Residents are expected to begin receiving information from the U.S. government in mid-March asking them to participate in the 2020 Census, part of a national headcount that takes place every 10 years.

The numbers are used to determine how to distribute annually some $675 billion in federal funds to local, state and tribal governments. According to a recent George Washington University study, Georgia receives about $2,300 a year per person based on Census figures. The numbers also determine how many seats a state gets in the U.S. House of Representatives and are used to draw legislative and school districts.

By April 1, known as Census Day, all homes across the country are scheduled to have Census questionnaires. There are no citizenship questions on the Census. Federal law protects Census responses and information from being shared with law enforcement or U.S. Immigration and Customs Enforcement, or ICE.

Sample questionnaires and more information about the Census are available at

For the first time, people will be able to answer Census questionnaires online via a website portal that launches March 23. People also will be able to answer the Census questionnaire by phone or by mail.

Households will begin receiving invitations to respond online to the 2020 Census between March 12 and 21. Reminder letters and postcards will be sent out through March and April. Beginning in May and continuing through July, Census workers will go door-to-door to households that have not responded.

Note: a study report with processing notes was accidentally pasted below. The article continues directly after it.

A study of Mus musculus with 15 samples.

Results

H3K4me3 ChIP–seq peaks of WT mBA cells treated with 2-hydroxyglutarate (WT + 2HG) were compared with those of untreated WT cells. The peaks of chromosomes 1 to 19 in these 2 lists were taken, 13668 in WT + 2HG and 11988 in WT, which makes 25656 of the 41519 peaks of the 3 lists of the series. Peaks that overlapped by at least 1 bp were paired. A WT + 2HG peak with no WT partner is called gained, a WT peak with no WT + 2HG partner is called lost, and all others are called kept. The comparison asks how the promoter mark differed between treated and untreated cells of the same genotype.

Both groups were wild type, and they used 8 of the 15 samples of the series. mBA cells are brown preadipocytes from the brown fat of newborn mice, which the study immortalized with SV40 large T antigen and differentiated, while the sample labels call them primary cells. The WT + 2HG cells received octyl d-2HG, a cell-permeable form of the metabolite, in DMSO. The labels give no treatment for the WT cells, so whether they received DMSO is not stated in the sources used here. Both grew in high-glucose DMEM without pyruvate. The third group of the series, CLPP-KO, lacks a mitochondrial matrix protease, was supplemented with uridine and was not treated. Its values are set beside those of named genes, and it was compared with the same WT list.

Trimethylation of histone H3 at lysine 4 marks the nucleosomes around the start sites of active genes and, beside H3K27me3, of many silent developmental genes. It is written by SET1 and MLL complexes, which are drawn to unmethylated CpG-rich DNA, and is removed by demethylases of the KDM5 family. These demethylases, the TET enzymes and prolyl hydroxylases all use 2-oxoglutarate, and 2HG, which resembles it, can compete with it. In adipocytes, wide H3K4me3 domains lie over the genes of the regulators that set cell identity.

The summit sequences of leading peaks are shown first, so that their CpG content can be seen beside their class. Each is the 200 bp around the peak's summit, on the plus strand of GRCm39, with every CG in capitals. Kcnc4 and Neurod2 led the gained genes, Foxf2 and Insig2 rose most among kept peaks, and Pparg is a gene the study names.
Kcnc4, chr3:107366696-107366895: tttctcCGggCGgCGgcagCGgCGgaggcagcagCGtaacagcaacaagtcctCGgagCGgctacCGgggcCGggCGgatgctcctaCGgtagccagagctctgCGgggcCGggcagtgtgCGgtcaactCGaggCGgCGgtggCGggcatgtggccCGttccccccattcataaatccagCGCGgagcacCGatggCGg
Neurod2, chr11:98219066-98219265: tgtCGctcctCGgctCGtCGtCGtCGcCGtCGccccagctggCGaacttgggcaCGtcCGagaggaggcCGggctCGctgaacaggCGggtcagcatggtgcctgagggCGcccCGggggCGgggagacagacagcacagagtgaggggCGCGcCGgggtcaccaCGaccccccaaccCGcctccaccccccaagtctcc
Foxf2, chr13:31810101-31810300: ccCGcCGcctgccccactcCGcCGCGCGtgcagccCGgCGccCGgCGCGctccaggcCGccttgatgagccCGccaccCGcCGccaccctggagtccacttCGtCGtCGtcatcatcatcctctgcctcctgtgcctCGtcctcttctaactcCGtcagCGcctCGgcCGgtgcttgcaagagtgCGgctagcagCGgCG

What the Census does

State, county and city governments use the federal money distributed based on Census data to fund schools, hospitals and emergency services. The results also inform how billions of dollars will go to programs like Medicaid, Head Start, block grants for community mental health services, highway construction, school lunches and the Supplemental Nutrition Assistance Program, known as SNAP, according to the Census Bureau.

Developers and business owners also use Census data to decide where to open new restaurants or factories or where to build new office buildings.

Local government sources

Local officials use various methods to inform people about the importance of being counted. Officials are holding community meetings, launching social media campaigns and hosting public events where they can hand out Census swag, such as tote bags and water bottles.

The city of Atlanta has a website at to provide information about how to participate in the Census. It is estimated that 35% of Fulton County’s population will be hard to count, so the city is recruiting Neighborhood Ambassadors on the website to reach out to friends and neighbors to get the word out.

This is the first Census for the city of Brookhaven, which incorporated in 2012. The city has budgeted $70,000 to try to reach all residents and ask them to take part in the Census. Special attention is being made to reach the city’s Latino and Hispanic residents living in apartments on or near Buford Highway. More than 24% of the city’s approximately 54,000 residents identify as Latino or Hispanic.

The city’s outreach also includes ads on Telemundo and partnering with groups such as the Latin American Association and Los Vecinos de Buford Highway, according to Patty Hansen, who is organizing the city’s efforts. The city is hosting a March 14 festival at Northeast Plaza on Buford Highway to raise awareness about the Census.

In Dunwoody, the city is planning an April 1 Census Day event at the Dunwoody Library where iPads will be available for people to fill out Census questionnaires. Other outreach events include a “Kids Count” event at the Farmers Market on April 4 to make sure young children are counted and an April 19 event at Crossroads Church. The church is trusted by many in the Hispanic community, said city spokesperson Jennifer Boettcher. The Refugee Women’s Network also is collaborating with the city to target local apartment complexes, she said.

Dyana Bagby

Dyana Bagby is a staff writer for Reporter Newspapers and Atlanta Intown.